Background and significance:
Collaboration among nurses has been recommended to reduce errors, improve patient care outcomes, and increase job satisfaction. Previously nurse to nurse collaboration had been measured as a component of organizational structure. The Nurse-Nurse Collaboration Scale (NNC) (Dougherty, Larson, 2010) is a valid and reliable instrument developed to measure the level of collaboration among intensive care nurses. NNC measures the 5 domains of collaboration: conflict management, communication, shared process, coordination, and professionalism. This project adapted, piloted, and utilized the Nurse-Nurse Collaboration Scale-Hospital Wide (NNC-HW) to describe the level of collaboration among clinical nurses hospital-wide.
Design: This descriptive-correlational study implemented the electronic survey method to implement the NNC-HW. Data was collected from 136 clinical nurses working in acute care settings at a semi-rural, MidAtlanic region hospital.
Methods: First, the NNC-HW was piloted using Cronbach’s alpha for reliability testing. Then, NNC-HW was implemented hospital wide. Again, Cronbach’s alpha was used for reliability testing. ANOVA was calculated to test differences among means of 5 subscales. Pearson Correlations coefficients were used to test for existence of relationships between the 5 subscales.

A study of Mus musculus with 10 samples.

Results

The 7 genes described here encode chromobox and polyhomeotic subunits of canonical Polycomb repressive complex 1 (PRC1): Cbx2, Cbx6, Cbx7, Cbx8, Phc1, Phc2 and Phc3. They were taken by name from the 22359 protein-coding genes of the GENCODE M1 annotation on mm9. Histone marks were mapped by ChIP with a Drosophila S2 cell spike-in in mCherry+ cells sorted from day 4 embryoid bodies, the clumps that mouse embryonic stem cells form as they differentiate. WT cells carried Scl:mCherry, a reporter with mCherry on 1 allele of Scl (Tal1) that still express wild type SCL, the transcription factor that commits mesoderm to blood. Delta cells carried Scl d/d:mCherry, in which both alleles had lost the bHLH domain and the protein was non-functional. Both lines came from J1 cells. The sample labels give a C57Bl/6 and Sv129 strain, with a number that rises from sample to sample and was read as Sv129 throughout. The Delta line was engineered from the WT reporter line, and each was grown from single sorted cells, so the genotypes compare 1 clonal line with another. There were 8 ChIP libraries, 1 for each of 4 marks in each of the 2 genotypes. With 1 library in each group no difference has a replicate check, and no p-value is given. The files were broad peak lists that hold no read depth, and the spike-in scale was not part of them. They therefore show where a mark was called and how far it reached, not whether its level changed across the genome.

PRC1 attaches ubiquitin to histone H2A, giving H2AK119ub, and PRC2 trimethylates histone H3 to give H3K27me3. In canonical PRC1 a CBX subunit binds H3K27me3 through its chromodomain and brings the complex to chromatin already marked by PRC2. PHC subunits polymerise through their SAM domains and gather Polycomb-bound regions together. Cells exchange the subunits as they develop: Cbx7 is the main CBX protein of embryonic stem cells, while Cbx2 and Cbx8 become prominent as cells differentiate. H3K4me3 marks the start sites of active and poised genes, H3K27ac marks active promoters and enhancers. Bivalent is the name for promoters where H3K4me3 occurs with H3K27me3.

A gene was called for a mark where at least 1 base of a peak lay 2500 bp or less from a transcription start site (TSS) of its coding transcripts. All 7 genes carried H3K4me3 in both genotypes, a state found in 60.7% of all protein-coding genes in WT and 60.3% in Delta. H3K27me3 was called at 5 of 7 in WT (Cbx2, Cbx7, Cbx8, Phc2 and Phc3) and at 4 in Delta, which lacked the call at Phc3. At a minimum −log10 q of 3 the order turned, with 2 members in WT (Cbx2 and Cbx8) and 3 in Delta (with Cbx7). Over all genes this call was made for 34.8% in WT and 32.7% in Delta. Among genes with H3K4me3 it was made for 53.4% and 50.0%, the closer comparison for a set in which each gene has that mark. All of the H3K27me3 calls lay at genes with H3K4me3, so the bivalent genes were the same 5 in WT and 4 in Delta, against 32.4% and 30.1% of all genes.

Findings: Reliability was identified as excellent for subscales communication, shared process, coordination, and professionalism (a=.94-.98). reliability was identified as good for subscale conflict management (a=.88). Nurses described the highest levels of collaboration existed between the subscales shared process and communication (r=.80), and coordination and professionalism (r=.81). However, nurses descried the lowest levels of collaboration among all subscale correlation with conflict management (r=.41-.47).
The NNC-HW was established as a reliable instrument for describing clinical nurse to nurse collaboration in the hospital setting. Conflict management was revealed as a subscale of collaboration that warrants further investigation and is an opportunity for intervention.
An intervention addressing conflict management may support collaboration, therefore decreasing errors, improving patient outcomes, and increasing clinical nursing satisfaction.